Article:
General Question

MissAnthrope's avatar

Do you see any problems with this route?

Asked by MissAnthrope (21491points) November 2nd, 2009

I’ll be driving across the U.S. to move back home to CA after 10 years—yay! Never having taken this route before, especially not pulling a trailer, I’m wondering if there will be any issues.

I’ll be driving a ‘93 Subaru Legacy Wagon (front-wheel drive, I think, but not AWD) towing a trailer, and it’ll be around December 20. My main concerns are snow + mountains.

This is the fastest route.

This is the next-fastest, avoiding the Sierra-Nevadas which may not be good for the whole trailer thing, not to mention maybe snow?

I’m trying to balance speed with maximum scenic value, since there are a lot of places along the way I’ve never seen before. I’d love to hear from people who live in or are familiar with any of these areas who know what conditions usually are like there at this time in the year, as well as people with experience towing trailers. I’ve only done it once, and it was only from MN to WV, very flat and easy.

Thanks. :)


The_Compassionate_Heretic's avatar

A fully loaded 4 cylinder vehicle with a fully loaded trailer is asking for trouble going through any mountainous area in the winter. You might consider taking route 66 through to southern California and making your way north if you don’t mind taking a scenic route.

Flatlands are your friend here. If you’re going through the Rockies, you will have problems.

Lafayette eh? Life has been good to you if you’re moving there.

EmpressPixie's avatar

I can only chime in for the Chicago to PA part of the trip. I did that drive twice this summer—it’s nothing but smooth and flat and full of being smooth and flat. Even if it ices, there are ginormous piles of salt alongside the road. So my assessment for the IL to PA portion of the trip is: easy driving!

Dog's avatar

I cannot contribute to the question itself but as a Southern Californian I wanted to be the first to say ” WELCOME HOME!”

MissAnthrope's avatar

Thanks!! I’m very excited. :)

Hmmm.. I had kinda wanted to see Wyoming and SLC, but it seems impossible to avoid the mountains by any other way than south. :\

The_Compassionate_Heretic's avatar

@MissAnthrope It’ll take you longer to get there, but you’ll get there. The southwest US is pretty fantastic in spots.

MissAnthrope's avatar

I hear that about the full car and full trailer, I’m a pretty cautious person and I want to be safe. Thanks for affirming my concerns. :) I was kind of excited about seeing the northern states because I came across the southwest on my drive to the east coast. Looking at the map, though, I see it can’t really be avoided, so I guess it’ll just have to wait for another time!

PandoraBoxx's avatar

I would would stay out of the north and head as south as you can, even if the route is longer. Warmer = less likelihood to be stranded on the highway.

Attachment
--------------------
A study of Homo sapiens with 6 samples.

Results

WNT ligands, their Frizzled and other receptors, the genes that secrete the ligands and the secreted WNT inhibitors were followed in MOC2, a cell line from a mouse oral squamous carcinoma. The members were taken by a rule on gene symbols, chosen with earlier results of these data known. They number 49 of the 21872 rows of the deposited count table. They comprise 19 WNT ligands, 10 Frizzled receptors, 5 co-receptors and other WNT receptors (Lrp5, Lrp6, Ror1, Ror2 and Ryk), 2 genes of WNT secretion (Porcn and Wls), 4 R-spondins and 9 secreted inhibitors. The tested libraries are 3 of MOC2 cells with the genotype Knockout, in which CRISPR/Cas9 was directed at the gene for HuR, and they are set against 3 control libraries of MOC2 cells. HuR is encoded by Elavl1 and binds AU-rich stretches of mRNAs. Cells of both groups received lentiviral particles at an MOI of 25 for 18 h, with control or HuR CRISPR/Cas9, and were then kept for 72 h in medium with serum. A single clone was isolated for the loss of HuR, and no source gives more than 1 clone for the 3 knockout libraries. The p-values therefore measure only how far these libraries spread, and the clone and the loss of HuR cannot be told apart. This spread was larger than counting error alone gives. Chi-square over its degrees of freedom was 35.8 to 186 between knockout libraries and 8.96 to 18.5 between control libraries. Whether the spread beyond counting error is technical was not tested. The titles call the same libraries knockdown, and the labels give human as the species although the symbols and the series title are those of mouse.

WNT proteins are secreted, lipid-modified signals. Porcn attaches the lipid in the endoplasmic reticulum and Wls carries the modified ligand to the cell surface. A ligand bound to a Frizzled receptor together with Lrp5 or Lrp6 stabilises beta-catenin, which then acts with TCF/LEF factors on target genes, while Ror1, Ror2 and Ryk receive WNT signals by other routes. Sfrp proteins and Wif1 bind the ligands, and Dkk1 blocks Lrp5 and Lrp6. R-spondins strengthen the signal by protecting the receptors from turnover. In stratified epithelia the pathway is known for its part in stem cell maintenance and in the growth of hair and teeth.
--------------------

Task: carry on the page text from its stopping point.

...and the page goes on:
Dr_C's avatar

Like @Dog said.. welcome back to Cali!

Strauss's avatar

Over the years I’ve traveled all these routes, and given the time of year and the vehicle, I would opt for this route. You will miss the high passes in the northern (Colorado or north) Rockies, and will stay well to the south of most snow. Be careful in theMemphis area, because every time I’ve traveled through that area in the winter there was the threat of an ice storm. (If that happens you might want to visit Beale street and stay a day or two while the weather clears up.) The only other place where the weather surprised me was Flagstaff, AZ, where I saw snow as late as mid-April.

Whichever route you decide upon, make sure you have your roadside service up-to-date (AAA or the like), and take some time to enjoy the trip!

MissAnthrope's avatar

@Yetanotheruser – Thanks.. with your route, you don’t think I should be concerned about traveling over the mountains, both near SLC and crossing over from Nevada? It looks like the route from Nevada goes through Donner Pass, which I associate with snow because of the story of the party that got trapped there. I’d love it if I could take this route, though. :)

Strauss's avatar

Any mountain pass holds the possibility of snow during that time of year. But that far south it would only be a matter of a few days at the most, usually only a day, until the roads are clear again. The Donner Party tried to navigate the pass without the advantages of modern highways and weather technology, so unless you’re backpacking it, I wouldn’t worry. I would, however, put a day or two of flexibility into the travel time, for weather-related delays, or just to enjoy the local scenery/nightlife/whatever.

Strauss's avatar

BTW,University of Colorado at Boulder has a Donner Memorial Dining Room

MissAnthrope's avatar

@Yetanotheruser – Oh, wow. That’s just wrong. Haha.